THE TWENTY-FIRST CENTURY is full of people who are full of themselves. A half-hour’s trawl through the online ocean of blogs, tweets, tubes, spaces, faces, pages, and pods brings up thousands of individuals fascinated by their own personalities and shouting for attention. They go on about themselves; they diarize, and chat, and upload photographs of everything they do. Uninhibitedly extrovert, they also look inward as never before. Even as bloggers and networkers delve into their private experience, they communicate with their fellow humans in a shared festival of the self.
Some optimists have tried to make this global meeting of minds the basis for a new approach to international relations. The historian Theodore Zeldin has founded a site called “The Oxford Muse,” which encourages people to put together brief self-portraits in words, describing their everyday lives and the things they have learned. They upload these for other people to read and respond to. For Zeldin, shared self-revelation is the best way to develop trust and cooperation around the planet, replacing national stereotypes with real people. The great adventure of our epoch, he says, is “to discover who inhabits the world, one individual at a time....”
By describing what makes them different from anyone else, the contributors reveal what they share with everyone else: the experience of being human. This idea—writing about oneself to create a mirror in which other people recognize their own humanity—has not existed forever. It had to be invented. And, unlike many cultural inventions, it can be traced to a single person: Michel Eyquem de Montaigne, a nobleman, government official, and winegrower who lived in the Périgord area of southwestern France from 1533 to 1592.
Bakewell, Sarah (2010-10-19). How to Live: Or A Life of Montaigne in One Question and Twenty Attempts at an Answer (Kindle Locations 75-99). Other Press. Kindle Edition.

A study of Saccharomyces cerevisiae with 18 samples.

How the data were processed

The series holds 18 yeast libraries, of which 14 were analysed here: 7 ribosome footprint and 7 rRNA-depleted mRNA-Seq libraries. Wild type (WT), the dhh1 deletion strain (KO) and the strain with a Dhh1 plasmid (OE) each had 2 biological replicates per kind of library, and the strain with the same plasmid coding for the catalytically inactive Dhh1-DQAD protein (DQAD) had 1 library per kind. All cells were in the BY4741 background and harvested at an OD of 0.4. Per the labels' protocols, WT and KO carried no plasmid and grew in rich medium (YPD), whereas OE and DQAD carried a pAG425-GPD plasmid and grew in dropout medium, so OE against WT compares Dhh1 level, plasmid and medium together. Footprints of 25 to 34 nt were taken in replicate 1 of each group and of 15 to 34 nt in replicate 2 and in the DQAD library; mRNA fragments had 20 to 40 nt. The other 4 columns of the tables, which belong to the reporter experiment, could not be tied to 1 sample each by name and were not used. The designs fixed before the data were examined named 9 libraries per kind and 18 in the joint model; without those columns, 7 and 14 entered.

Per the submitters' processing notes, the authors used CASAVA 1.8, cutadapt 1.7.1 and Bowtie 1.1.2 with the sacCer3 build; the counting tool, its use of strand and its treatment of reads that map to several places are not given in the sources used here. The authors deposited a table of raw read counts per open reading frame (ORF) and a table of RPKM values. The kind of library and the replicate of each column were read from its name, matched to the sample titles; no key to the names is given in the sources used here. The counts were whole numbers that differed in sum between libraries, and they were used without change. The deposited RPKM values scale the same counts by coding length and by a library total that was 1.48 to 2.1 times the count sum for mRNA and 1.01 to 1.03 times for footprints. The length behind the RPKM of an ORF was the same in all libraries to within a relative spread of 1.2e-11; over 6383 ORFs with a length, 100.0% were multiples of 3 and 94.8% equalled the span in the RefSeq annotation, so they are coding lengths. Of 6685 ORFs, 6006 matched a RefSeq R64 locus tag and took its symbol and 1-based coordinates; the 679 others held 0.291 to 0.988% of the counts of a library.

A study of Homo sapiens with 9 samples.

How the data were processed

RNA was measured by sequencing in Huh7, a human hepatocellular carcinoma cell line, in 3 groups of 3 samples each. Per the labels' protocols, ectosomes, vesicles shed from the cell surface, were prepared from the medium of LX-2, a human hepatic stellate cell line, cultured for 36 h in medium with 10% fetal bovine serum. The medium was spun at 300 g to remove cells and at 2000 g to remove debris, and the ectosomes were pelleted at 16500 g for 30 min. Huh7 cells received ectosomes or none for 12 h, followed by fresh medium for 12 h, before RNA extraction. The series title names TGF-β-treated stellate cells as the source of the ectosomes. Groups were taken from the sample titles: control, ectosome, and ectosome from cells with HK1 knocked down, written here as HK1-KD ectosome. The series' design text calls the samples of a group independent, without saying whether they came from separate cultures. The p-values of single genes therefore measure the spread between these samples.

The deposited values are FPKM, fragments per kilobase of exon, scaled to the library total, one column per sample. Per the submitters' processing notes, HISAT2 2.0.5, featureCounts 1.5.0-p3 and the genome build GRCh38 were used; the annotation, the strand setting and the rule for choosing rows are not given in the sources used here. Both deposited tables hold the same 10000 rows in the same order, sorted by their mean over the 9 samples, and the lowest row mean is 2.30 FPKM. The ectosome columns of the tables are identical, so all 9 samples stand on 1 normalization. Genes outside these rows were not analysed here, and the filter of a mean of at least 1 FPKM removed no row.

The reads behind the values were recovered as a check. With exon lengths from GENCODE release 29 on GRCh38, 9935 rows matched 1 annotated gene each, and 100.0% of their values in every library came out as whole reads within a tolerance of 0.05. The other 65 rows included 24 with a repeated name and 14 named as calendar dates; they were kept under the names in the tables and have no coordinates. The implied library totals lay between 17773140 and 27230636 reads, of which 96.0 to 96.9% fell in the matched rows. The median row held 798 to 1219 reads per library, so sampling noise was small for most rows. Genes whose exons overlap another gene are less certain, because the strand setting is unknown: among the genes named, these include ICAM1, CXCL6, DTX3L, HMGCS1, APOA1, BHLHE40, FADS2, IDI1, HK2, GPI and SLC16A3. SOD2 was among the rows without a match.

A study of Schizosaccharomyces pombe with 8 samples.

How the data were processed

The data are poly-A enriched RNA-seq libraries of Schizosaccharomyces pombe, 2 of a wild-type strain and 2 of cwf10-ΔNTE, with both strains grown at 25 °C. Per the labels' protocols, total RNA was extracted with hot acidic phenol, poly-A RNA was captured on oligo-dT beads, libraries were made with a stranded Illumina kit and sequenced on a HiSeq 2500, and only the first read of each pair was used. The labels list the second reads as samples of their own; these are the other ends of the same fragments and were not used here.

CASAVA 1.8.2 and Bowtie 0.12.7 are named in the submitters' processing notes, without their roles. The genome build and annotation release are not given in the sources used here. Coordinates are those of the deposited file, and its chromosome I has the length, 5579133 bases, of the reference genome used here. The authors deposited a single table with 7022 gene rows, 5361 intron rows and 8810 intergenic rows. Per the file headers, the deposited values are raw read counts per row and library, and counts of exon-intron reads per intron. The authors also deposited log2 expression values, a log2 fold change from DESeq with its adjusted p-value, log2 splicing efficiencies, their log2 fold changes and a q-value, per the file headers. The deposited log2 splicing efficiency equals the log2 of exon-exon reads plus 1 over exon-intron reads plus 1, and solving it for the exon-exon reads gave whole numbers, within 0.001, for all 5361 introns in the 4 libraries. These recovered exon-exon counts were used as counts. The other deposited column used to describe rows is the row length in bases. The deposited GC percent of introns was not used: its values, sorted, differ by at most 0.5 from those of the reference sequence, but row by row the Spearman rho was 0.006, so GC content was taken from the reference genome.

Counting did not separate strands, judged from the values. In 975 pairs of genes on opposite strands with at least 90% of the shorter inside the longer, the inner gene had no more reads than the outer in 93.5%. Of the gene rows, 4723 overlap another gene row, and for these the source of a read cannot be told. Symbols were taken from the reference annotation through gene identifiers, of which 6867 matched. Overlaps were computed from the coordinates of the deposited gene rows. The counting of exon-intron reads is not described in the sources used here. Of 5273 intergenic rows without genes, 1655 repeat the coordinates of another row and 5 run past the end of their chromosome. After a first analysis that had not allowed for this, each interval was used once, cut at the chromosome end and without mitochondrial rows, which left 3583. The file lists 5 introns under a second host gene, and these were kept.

I haven't read this book yet, only started it, but I was so amused with the opening quote that I thought I at least have to point to my dear readers that this book is on the Kindle Daily Deal for $1.99. Alas because it is a Daily Deal, it will only be on sale for today, October 30, 2014 at that price. Amazon further sweetens the deal, if you buy the Kindle edition, you can get the Audible version for 99 cents (which is Whispersynched to the Kindle edition and you can do "immersion reading" on devices that support it, predominantly Kindle-Fire Tablets-the current Kindle e-readers do not have audio). If you do buy both, be sure to buy the Kindle version first. Otherwise you will be charged the full price for the Audible version. I am not sure but you may want to restrict your Audible purchase to the Amazon website rather than using Audible's website to ensure you get the 99 cent price after buying the Kindle edition. Audible has Apps that you can download for a variety of devices here:
Again the Kindle version is only available today at the reduced price of $1.99. Available here:
One thing about Kindles, they are cash registers for Amazon. Good God! My blog is turning into an Amazon advertisement. No I am not getting paid. How dumb is that?